In this time of pinched wallets, health drives and the coldest Easter on record, we’re clearly aching for the turn of the American century, for a great tale of love and summer, big parties and bigger cities, loose morals and cheap liquor. We’re in love with, longing for, for the Great Gatsby, and specifically for the reincarnated version, taken from one woozy, amorous, creator into the high-thrills, spectacular vision of another, from F. Scott Fitzgerald to Baz Luhrmann. The film is out in the UK on 17 May. And in the meantime, we’ve had Gatz, the eight-hour uncut version from New York’s Elevator Repair Service, Great Gatsby the musical from Young Vic director Linnie Reedman, and The Great Gatsby at Wilton’s Music Hall, which I went to see two weeks ago. This opinion piece is rather out of date, and I apologise for the fact that it seems as if the performance is sold out.
This Gatsby (what Gatsby?) is an all-singing, all-dancing production that plugs effort into recreating the huge parties on Cape Cod, but fails ultimately to convey the pervasive melancholy that makes the book so powerful. The music is good, well-executed in showy voices closely grouped in barbershop style. When the chaps pop out behind the gramophone after Daisy has asked for some music, we’re initiated in the kind of hand-made theatre in which this production is going to specialise. I liked the costumes, the set dressing (simple and brought on by the small cast themselves) and the setting of Wilton’s Music Hall was an inspired choice. From the outside, the building is all peeling paint and wonky walls but inside, we found an evident residual glamour; the building is almost breathed back into a life it might have once had by this production, revived as the scene of bright young things back in the early 20th century.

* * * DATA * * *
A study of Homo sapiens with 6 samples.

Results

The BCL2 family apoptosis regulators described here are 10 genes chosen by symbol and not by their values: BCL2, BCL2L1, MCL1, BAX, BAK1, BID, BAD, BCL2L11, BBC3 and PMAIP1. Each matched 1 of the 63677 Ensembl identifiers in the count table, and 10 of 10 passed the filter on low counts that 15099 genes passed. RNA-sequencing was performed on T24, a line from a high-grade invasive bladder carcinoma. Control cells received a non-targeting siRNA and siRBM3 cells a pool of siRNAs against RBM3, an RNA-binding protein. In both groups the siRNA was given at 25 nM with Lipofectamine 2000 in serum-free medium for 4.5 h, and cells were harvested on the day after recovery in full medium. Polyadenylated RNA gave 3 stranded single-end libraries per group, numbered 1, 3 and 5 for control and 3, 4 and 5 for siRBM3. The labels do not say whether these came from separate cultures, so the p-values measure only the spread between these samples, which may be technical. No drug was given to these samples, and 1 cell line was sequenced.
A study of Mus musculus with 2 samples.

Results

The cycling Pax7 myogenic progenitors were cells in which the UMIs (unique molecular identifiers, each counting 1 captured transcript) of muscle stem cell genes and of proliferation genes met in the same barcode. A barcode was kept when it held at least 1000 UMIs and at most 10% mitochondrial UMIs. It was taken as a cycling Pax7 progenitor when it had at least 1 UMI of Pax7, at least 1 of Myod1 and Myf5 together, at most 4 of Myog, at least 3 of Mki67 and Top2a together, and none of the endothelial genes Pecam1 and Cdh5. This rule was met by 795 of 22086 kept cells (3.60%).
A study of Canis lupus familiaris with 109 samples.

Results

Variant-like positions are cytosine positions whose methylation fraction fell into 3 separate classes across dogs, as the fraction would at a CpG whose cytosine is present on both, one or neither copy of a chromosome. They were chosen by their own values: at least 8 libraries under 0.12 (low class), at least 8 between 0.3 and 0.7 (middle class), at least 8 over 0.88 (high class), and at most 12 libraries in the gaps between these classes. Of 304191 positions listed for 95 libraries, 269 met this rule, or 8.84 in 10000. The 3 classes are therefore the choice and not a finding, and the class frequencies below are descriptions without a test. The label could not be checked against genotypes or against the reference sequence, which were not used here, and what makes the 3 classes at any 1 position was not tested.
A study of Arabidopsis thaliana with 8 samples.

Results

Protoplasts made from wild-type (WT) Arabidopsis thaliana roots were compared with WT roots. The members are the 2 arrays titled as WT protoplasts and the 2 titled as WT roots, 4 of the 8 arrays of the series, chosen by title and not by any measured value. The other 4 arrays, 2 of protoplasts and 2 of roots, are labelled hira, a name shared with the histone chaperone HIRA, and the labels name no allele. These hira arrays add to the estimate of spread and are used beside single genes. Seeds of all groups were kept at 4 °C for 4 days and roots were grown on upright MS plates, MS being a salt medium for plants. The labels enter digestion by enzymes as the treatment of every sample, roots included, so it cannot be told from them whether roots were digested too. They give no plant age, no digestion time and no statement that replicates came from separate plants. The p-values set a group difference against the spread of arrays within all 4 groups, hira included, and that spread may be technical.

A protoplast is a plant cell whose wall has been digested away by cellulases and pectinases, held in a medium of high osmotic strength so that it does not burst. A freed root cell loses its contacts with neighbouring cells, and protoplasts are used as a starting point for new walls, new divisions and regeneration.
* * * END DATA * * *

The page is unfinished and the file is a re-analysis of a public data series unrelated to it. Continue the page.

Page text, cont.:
Yet among the production’s significant successes, there lie a number of drawbacks, not least of which is the size of the cast. On the one hand, this feels like intimacy, speaking to the kind of make-your-own-fun atmosphere that would have necessarily characterised these strange Gatsby parties, and even carrying the much darker understanding that, to all intents and purposes, these are the only people who matter, in New England, in the world. But there isn’t enough background noise. The actors shout at the tops of their voices, brandishing their elocution and projection lessons and showing off their polished American accents. But what noise do they have to defeat? Where are the swing bands, the incessant chatter, the screams and the sighs? At one point, the audience is required to stand up and the hall fills with chatter as the interval starts. Then, one glimpses the steady hum of society against which Gatsby and Daisy act out their doomed love. as the interval progresses, it becomes clear what I will remember from this performance: the invitation to join the cast in dancing the Charleston on stage, the sing-a-long in a back room, the charming waiter who pours my friend and I whiskey shots (that’s definitely whiskey with and ‘e’), and the audience members who have really gone to town with feathers, dropped waists and sequins. When we resume for the second half, the melancholy drifts in like morning mist, working especially well in the early morning swimming scene with Gatsby poised on the edge of a ‘pool’ moments before his death. But the climax is awkward, the final, treasured words ‘So we beat on…’ delivered monotonously whilst staring out into the middle distance. We enjoyed being the heart and soul of the production in the interval, I defintely want to see more of Wilton’s, but I missed the dark side of paradise.
(Did you see this production, or want to see this? I was so disappointed that I never managed to make Gatz and this was, sadly, a poor substitute!)